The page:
Characteristic tufa tower formations along the Mono shoreline. They're particularly concentrated at the lake's south end.
  • Characteristic tufa tower formations along the Mono shoreline. They're particularly concentrated at the lake's south end.

It’s definitely a road reserved for the unfettered. The steep switchbacks require aggressive use of the gears and the views – if granted with clear skies – extend onto and into forever.

Coming down off the mountain pass into a Rock Monster–like canyon, the view reveals a wide-open valley as far as the eye can see: the Great Basin, the largest watershed in North America. And there, at the center of it all, lies Mono Lake.

the beauty of Mono from afar

Mono Lake, surrounded by the remnants of an ancient lava flow, is southeast of Yosemite National Park and the Sierras. Known for its tufa towers, mineral deposits that jut out from the water’s surface due to there being less rain to replenish that which evaporates, Mono is the largest natural lake in California. It’s 2.5 times as salty and 80 times as alkaline as the ocean.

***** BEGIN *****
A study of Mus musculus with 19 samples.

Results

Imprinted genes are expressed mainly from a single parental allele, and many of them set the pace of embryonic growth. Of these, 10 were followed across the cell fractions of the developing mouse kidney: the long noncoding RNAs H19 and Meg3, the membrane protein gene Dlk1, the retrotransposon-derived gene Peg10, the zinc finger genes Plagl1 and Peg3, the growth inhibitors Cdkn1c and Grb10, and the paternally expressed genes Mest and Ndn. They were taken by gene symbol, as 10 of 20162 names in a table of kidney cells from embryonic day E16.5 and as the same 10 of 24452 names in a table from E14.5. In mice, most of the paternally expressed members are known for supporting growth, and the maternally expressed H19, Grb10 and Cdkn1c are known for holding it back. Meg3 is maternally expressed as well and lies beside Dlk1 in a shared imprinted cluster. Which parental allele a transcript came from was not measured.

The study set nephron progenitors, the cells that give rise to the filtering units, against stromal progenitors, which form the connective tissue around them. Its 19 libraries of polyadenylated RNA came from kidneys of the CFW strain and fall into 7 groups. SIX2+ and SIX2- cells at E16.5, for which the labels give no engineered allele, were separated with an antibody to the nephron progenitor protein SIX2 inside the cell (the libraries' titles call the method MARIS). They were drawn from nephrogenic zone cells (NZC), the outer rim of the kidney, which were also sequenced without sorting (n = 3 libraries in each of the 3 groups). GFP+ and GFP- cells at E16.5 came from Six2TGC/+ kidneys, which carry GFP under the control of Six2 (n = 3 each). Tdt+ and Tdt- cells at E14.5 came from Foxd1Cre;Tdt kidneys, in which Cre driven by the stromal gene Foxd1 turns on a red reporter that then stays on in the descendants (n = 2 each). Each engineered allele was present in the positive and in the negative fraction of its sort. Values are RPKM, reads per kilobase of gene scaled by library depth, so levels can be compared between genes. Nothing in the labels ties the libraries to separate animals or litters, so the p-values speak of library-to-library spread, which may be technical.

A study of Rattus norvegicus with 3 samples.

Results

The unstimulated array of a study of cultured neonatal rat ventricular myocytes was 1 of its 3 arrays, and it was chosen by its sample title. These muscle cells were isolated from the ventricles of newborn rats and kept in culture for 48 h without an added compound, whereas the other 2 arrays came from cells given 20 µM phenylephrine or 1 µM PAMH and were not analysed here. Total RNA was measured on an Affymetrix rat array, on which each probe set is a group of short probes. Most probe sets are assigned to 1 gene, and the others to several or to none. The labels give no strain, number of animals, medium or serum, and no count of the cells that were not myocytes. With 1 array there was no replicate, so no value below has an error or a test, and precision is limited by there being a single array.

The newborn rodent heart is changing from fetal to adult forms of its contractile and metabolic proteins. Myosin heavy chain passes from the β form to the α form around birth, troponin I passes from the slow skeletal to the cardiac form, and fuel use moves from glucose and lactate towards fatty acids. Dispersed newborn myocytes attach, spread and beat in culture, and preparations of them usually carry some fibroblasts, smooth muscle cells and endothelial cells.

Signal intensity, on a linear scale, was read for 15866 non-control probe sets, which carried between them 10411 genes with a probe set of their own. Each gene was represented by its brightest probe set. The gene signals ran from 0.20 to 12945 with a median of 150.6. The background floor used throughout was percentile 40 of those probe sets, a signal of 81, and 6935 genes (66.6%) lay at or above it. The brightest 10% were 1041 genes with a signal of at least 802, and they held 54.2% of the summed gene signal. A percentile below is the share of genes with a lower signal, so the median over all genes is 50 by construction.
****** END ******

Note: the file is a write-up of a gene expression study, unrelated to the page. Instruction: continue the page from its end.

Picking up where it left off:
As I drove, approaching the lake, its stunningly still surface mirrored the cool autumn pinks and blues of the late afternoon sky.

Evening shadows began to stretch long and low over Mammoth Lakes and Inyo National Forest as Mount Whitney came into view south of the lake. Juxtaposed with Death Valley at 282 feet below sea level, Whitney peaks at 14,505 feet, earning it recognition as the highest summit in the States, excluding Alaska.

Further south, a fault block geological formation – the contrast of the smooth, creased lowland hills of the valley to jagged un-weathered eastern peaks called the Needles – was pronounced as the sun began to set.